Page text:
No headphone jack? Some tech writers can’t imagine it
As technology progresses, there is always the instinct to insist that things are good just as they are, and that no new technology is of value unless increased sales can be guaranteed
Mwashable yesterday relayed the rumor from a Japanese Apple blog that the next version of the iPhone would appear without a headphone jack. Madness ensued, of course.
I have no idea if Apple would go in this direction, especially now that they own Beats, but few thought it a good idea to get rid of the floppy drive, or later the CD drive either. But it is amazing the power of conservative thinking.
I was reminded of this, but the way, on the day my new Bluetooth headphones arrived from Amazon, my one Cyber Monday purchase. Who needs to have a cord dangling from my iPhone, I thought as I bought the headphones. Maybe Apple thought that way, too.
I was also reminded how conservative people in our industry can be when I read some of the reaction to my Morning Brief from today which talked about eBooks. I didn’t think it would gather much attention because the subject is so familiar to the digital publishers I talk to all the time. How do you create a great eBook on, say travel or science, that works on all platforms and so can reach the greatest number of readers? The answer today is to compromise your vision of the book and eventually produce a version for the Kindle that you are not proud of, but still sells.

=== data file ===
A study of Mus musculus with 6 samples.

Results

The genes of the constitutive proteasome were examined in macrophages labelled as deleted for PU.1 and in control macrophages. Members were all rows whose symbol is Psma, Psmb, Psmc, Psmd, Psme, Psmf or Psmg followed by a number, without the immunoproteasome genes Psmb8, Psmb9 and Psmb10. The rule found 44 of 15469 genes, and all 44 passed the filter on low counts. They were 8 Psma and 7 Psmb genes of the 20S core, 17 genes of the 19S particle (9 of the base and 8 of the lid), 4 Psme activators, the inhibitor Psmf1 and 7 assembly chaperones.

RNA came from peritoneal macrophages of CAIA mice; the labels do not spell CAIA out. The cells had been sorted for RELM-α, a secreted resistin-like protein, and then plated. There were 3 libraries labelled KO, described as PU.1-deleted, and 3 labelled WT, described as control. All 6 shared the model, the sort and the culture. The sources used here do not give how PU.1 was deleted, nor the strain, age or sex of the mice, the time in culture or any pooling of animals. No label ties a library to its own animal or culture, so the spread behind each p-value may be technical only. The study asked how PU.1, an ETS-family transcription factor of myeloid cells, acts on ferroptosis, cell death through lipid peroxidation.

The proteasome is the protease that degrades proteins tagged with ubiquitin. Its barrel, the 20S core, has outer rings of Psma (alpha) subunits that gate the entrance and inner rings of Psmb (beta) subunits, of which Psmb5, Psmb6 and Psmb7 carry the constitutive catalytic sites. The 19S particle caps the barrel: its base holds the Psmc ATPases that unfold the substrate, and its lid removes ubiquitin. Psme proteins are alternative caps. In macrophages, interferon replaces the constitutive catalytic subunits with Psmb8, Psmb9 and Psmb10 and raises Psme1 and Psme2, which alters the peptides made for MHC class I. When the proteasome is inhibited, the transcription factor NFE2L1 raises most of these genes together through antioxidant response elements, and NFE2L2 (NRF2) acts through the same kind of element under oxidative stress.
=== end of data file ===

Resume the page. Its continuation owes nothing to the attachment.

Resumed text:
But so many who write about books only consider the fiction category and total book sales. So, if it doesn’t make the bestseller list then who cares?
But how many books make the bestseller list? and does the fact that a book on philosophy, poetry or science doesn’t sell millions mean that there is no value in making the best possible eBook possible? I suppose there are a number of traditional print publishers who think so. That those who write about the industry fall into this trap is what is so disappointing.
Those of us around during the beginning of the web publishing era remember the fights we got into trying to convince print publishers to publishing on the web, how conservative the establishing thinking was concerning digital publishing. So if many print publishers were resistant to advances in digital why should it surprise us that so many now involved in digital today find the idea of an evolving digital publishing industry equally repugnant?
So, I try and resist my first opinion of the rumor that Apple might kill off the headphone jack. Hell, maybe they will do it. My first thought was that there will be a lot of negative feedback from customers. Also, maybe Tim Cook has calculated how much more profitable an iPhone sale will be if they don’t have to include those headphones? Maybe it’s a cynical move by a megacorporation? An attempt to add a couple dollars of profit to an already massively profitable product line?
Or maybe we’ll all laugh when we remember what a hassle those headphone cords were when we went running? Leaders lead. They dare to say “no Flash” five and a half years before the company behind Flash finally comes around, for instance.
Note: the original post of Mashable guesses that Apple would use a multi-purpose USB-C port as a headphone jack. That’s possible, I suppose, though I think they are not thinking this way and would be pushing Bluetooth. But who knows, it’s a rumor, right?